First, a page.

Daughter required to produce power of attorney document
PIPEDA Case Summary #2004-278
(Principle 4.4; subsection 5(3))
An individual complained when a bank that had issued a credit card to her father, over whose affairs she has power of attorney, refused to cancel the account at her request unless she produced a copy of her power of attorney.
Summary of Investigation
The bank contacted the complainant's father by telephone and issued two cards, one in his name and another in the complainant's. Shortly afterward, the bank sent her father a personal identification number to allow them to obtain cash advances, and cheques that could be written against the credit account. This information was addressed to both the complainant and her father at his address, an assisted care facility. The complainant became aware of what had happened when she visited her father and found the cards and information in his room, in plain view. Given her father's health and the ease of access by other patients and staff to his room, the complainant became concerned and contacted the bank. The complainant assumed that with the power of attorney she would be able to cancel the account. The bank, however, demanded that she provide a copy of the power of attorney, which the complainant was unwilling to do since the document contained third-party information, and other information about some of the assets under her control. She contacted her lawyer, who wrote to the bank and confirmed that she did indeed have enduring power of attorney.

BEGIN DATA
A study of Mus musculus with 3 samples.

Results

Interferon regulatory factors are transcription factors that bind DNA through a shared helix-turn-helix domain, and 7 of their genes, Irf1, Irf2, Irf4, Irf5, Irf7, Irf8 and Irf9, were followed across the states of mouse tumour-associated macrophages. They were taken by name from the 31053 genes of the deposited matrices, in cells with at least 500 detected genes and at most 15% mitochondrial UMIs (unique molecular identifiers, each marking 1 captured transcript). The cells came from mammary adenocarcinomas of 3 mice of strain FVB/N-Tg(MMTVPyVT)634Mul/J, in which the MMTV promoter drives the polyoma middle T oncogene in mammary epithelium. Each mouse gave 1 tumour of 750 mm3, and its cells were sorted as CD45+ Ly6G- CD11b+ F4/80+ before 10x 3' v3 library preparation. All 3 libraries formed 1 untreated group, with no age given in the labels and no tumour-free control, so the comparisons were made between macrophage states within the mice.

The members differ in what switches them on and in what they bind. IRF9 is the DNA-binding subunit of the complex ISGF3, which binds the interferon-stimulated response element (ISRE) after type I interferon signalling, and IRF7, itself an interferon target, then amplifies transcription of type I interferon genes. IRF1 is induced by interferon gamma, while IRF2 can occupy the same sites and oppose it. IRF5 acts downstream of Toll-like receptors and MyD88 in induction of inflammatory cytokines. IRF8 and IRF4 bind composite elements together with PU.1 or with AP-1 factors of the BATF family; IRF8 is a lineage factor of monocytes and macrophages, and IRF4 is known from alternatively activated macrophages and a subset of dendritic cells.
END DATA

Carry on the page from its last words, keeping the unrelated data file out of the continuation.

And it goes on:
The bank's position was that the complainant did not establish her legal right to act on her father's behalf, and that by insisting that she produce a valid power of attorney it was protecting her father's privacy rights. The bank indicated to the Office that it would have been willing to destroy the document upon review, once it was satisfied that she had the authority to act on her father's behalf. After several conversations with the complainant's lawyer, however, the bank cancelled the credit account in question.
Issued June 17, 2004
Application : subsection 5(3), which states that an organization may collect, use or disclose personal information only for purposes that a reasonable person would consider are appropriate in the circumstances; and Principle 4.4, which stipulates that the collection of personal information shall be limited to that which is necessary for the purposes identified by the organization.
The Assistant Privacy Commissioner deliberated as follows:
- The bank's purpose, namely to determine the legitimacy of the daughter's claim that she could act on her father's behalf, was one a reasonable person would likely find appropriate, as per subsection 5(3);
- As for whether it was necessary to have the entire document, the bank contended, and the Assistant Commissioner agreed, that it could not accept a document where some portions were blacked out since the blacked-out information could conceivably have set limits on the power of attorney that would have had material effect on the complainant's ability to act in the particular situation at hand;
- Although the complainant offered to have her lawyer affirm that she indeed had power of attorney, and notwithstanding the fact that the bank eventually accepted this affirmation and cancelled the account, the Assistant Commissioner remained of the view that such affirmation was not sufficient to satisfy the bank's legitimate purpose;
- Thus, the Assistant Commissioner found that by requiring the complainant to produce the entire document, the bank was not attempting to collect more information than necessary and was in compliance with Principle 4.4.
The Assistant Commissioner therefore concluded that the complaint was not well-founded.